Sundays are for realising that I finally have to take over from Gillen, making a cup of tea, and setting about doing some link-dredging in the depths of the internet. Just in case you were wondering, there will be no failure in the new regime, but simply a fresh set of esoteric interests and off-topic blathering. Here we go:

  • GDC Online has been taking place in Austin this week, and there’s been plenty of interesting material emerging from its sessions. One of these was Richard Bartle’s discussion of the creation of the original online RPG, MUD. It was, apparently, a reaction to the British class system. Strong stuff. Particularly when people chose to interpret that as the reason MMOs have levels in. (I’d say that was more to do with D&D.) But there are nevertheless some other good quotes in there, too, particularly about how game designers should be saying something with their work. Which is a sentiment which links to…
  • Something I linked to earlier in the week: Ian Bogost’s analysis of the Medal Honor Taliban issue and its implications for free speech. So good I am linking it twice. Read it.
  • Clint Hocking has been regularly blogging of late – LucasArts obviously not keeping him busy enough, eh? – and he’s turned his eye to convergence. I was a little sceptical of the buzzwording of his first post, but the observations about fashion games in the second post are enough to make me intrigued to see where he’s going with this.
  • Another person whose current direction intrigues me is Eskil Steenberg. He recently posted a rather gloomy discussion of the state of gaming, based on his own experiences with developing his co-operative action/builder, Love. An interesting and slightly worrying read.
  • Joel Goodwin writes about the “feedback” developers often have to choke down from the gaming community, over on Resolution. Goodwin really went to town on this, and there are some grand quotes in there, such as this from Gabe Newell, who observes that much online feedback starts out the abusive, noisy end of the scale because gamers assume their opinion will be drowned out, or ignored: “People tend to assume that there is a huge filter and at best a tenuous connection. They start by turning their volume to 11. Once they realize that there is actually someone on the other end of the email, phone, forum, whatever, they don’t feel the need to shout. If you politely listen to people, they will politely talk to you.”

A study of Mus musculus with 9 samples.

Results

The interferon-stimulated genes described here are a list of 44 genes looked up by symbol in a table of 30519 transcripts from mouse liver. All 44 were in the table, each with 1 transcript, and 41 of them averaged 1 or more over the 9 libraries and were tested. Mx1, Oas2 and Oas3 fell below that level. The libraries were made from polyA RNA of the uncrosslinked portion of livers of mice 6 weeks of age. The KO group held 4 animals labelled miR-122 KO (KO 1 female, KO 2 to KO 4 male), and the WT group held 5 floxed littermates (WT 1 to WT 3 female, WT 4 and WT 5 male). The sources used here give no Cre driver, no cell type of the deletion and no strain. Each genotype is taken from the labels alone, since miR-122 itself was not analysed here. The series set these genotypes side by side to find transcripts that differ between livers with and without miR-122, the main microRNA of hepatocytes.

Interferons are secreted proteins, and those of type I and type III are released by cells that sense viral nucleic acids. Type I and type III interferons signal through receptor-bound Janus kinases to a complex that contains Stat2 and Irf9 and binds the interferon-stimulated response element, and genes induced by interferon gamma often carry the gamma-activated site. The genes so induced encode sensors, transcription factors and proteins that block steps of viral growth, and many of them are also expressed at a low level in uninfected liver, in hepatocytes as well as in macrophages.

• And here’s one for the designers: Apple and HP veteran Don Norman talking about “design without designers.” He touches on one of the issues that appears more and more frequently in my writing about development: the role of automation. It’s going to be radically important across all sectors of designer, says Norman: “Automated data-driven processes will slowly make more and more inroads into the space now occupied by human designers. New approaches to computer-generated creativity such as genetic algorithms, knowledge-intensive systems, and others will start taking over the creative aspect of design.” But there’s more to it than that, so go have a read.
  • Relatedly – and I should probably start as I mean to go, so I am getting to the pimping – my chum Tom Betts has been messing around with procedural terrain generation over the summer, and has turned his attention to working in Unity over the past few weeks. That’s great news for me, because he’s one of my development partners in a new indie games outfit, Big Robot. We’re going to be doing some development blogging over here. Keep an eye on that for more updates.
  • London design wizards BERG have been looking at games that use multiple screens. Tom Armitage blogs some of their findings. I hadn’t realised this: “The strategy game Supreme Commander allows players to use a second monitor for a zoomed-out tactical map. Rather than reducing the map to the corner of the screen (as many strategy games do), or forcing the player to constantly zoom in and out, the second screen provides a permanent context for what’s going on the primary screen.”
  • Recently-announced THQ associate Guillermo Del Toro talks videogames. (Video link.)
  • Douglas Copeland’s guide to the next ten years. Scary. Gloomy. Probably worth accepting so that we can just get on with things.
  • And finally, just in case you’re missing the enigmatic grammar of the original Sunday Papers editor, here he is being interviewed about the X-Men on io9. (Which itself links to this interview with exoplanet-discoverer Steve Vogt. Blimey.)

Anyway. I’m off to listen to painfully credible pop music and make plans for my inevitable career in international celebrity. More soon!